So what does this have to do with Reeve's new middle grade novel, No Such Thing as Dragons? Well, here again Reeve deals with con men and the origin of legends in the context of the realities of life in the Middle Ages. He gives us Brock, a knight in rusty armor who goes from village to village conquering dragons—or rather, the fear of dragons (as one of his more educated and cynical clients puts it). Somewhere along the way, Brock purchases a young mute boy named Ansel, who comes to believe the pseudo-knight's assurances that dragons aren't real.
Until at last they come to a little village high on the mountainside, where the sly villagers have already sacrificed a young girl to appease the dragon they claim roosts up on the icy peaks. Accompanied by another con man posing as a friar, the dragon fighting team goes up the mountain, planning to pretend to vanquish the beast and then claim the spoils of victory.
To Brock's astonishment, there really is something up there. But here again, Reeve imagines what might be the real thing—not the sentient, romanticized creature of fairy tale fame, but a vicious and terrifying animal. The little group suffers as they confront the creature, even as they must battle the bitter wintry conditions on the highest slopes.
There's an adventure here, but Reeve seems just as interested in character, if not more so. He wants to know why Ansel is mute, and whether the boy will ever speak again. He wants to think about how a man like Brock might have good in him as well as ill. He wants to consider the fear of the villagers as well as their communal ruthlessness in response to that fear. He wants to show us unlikely feats of courage, although not precisely the ones you would expect. And that, more than the plot itself, is what makes this a very good book.
In addition, No Such Thing as Dragons offers us the joy of reading the work of a talented wordsmith. Reeve's language is delicious. Here's a sample in which he describes a medieval painting. Note the gentle satire, aimed at the romance of the artist's depiction:
Riding north with Brock, Ansel remembered the painting of St. George he'd seen in the big church in town. The saint had been all in armor, but bareheaded, with a golden halo balanced jauntily on his curls. The poor princess he'd come to save had a wide white forehead and yellow hair, and she looked surprisingly calm for someone who'd been sent out into the wilds as dragon food. She wore cloth-of-gold, and she carried a bunch of tall white lilies, perhaps as a sort of garnish. As for the dragon itself, Ansel recalled that it had looked like a bald green chicken with a lizard's head and the wings of a bat. Its wide-open mouth was vermilion red, and so was the blood that uncurled like red fern fronds from its breast as it leaned helpfully onto the point of the saint's lance.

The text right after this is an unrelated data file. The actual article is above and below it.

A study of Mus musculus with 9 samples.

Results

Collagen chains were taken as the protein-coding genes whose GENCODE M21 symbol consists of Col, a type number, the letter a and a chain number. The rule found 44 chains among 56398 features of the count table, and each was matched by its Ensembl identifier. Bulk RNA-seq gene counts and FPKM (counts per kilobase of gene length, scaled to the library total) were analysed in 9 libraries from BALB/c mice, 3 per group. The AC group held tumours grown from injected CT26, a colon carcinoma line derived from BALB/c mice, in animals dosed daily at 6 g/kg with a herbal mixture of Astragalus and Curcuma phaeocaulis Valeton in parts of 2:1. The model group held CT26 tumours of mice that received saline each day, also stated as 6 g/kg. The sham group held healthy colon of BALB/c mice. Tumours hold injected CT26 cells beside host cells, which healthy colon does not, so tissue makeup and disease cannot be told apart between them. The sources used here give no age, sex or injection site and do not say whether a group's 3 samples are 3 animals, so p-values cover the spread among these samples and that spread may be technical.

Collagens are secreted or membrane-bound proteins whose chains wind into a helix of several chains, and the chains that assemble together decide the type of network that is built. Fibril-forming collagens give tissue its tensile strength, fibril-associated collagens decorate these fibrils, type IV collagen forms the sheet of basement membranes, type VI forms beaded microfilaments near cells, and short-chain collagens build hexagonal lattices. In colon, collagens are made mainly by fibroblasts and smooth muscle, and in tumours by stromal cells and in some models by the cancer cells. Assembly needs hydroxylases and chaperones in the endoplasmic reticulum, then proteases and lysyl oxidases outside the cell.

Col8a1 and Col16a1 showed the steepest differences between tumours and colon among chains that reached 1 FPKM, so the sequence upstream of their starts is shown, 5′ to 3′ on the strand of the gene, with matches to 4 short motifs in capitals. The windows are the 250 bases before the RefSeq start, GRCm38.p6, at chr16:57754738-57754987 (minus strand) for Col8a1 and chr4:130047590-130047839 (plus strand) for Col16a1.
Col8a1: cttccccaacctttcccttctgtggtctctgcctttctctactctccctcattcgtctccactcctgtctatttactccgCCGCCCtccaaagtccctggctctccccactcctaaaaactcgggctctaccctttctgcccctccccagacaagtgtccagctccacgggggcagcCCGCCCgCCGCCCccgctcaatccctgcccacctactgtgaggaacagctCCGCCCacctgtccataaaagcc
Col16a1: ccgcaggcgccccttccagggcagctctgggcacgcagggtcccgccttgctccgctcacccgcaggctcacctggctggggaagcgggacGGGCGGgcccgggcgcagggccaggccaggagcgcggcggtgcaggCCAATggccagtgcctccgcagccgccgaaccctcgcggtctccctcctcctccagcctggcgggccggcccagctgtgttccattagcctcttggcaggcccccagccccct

He wondered if St. George had had a boy to serve him, and if so, why the boy had not been in the picture. Was it that he was just not important enough? Or was it, perhaps, that he was in the beast's belly?
Yes, Ansel's worth caring about. And what beautiful language! (The garnish line alone is worth seventeen bucks.) As if Reeve weren't talented enough, he provides the interior illustrations for the book, too, elegant little pen-and-ink pieces that start each chapter.
I also like the way Reeve includes common tropes about dragons, but gives them his own spin, making, for example, their reputation for hoarding treasure more of a magpie characteristic than a human one.
Plus, the author does intense things with setting, using the snowstorms and glaciers, rockslides and freezing nights on the mountain to pummel his characters—and his readers. Like the dragon, the mountain is unforgiving and utterly inhuman, yet natural. The cathedral scene, with its evocation of The Hunchback of Notre Dame and even, dare I say, King Kong, is another wildly successful use of setting.
No Such Thing as Dragons is a short book at 186 pages, but it's well worth it: a compact, well-told tale combining the best of historical fiction with a sprinkling of fantasy, besides touching on themes like freedom and even animal rights. Reeve gives us a story that feels entirely true, up to and including its (non-)title character.
Note for Worried Parents: This book is for middle grade readers, but it does have a couple of horrific descriptions of a man and a horse being devoured by a monster, also various scenes of peril, some hard-hearted villagers, and a couple of con artists. The overall message is one of kindness, courage, and hope, however, as exemplified by the main character, Ansel.
FYI: Image above is of UK cover art, which I happen to prefer.
Update: Read another review at Charlotte's Library!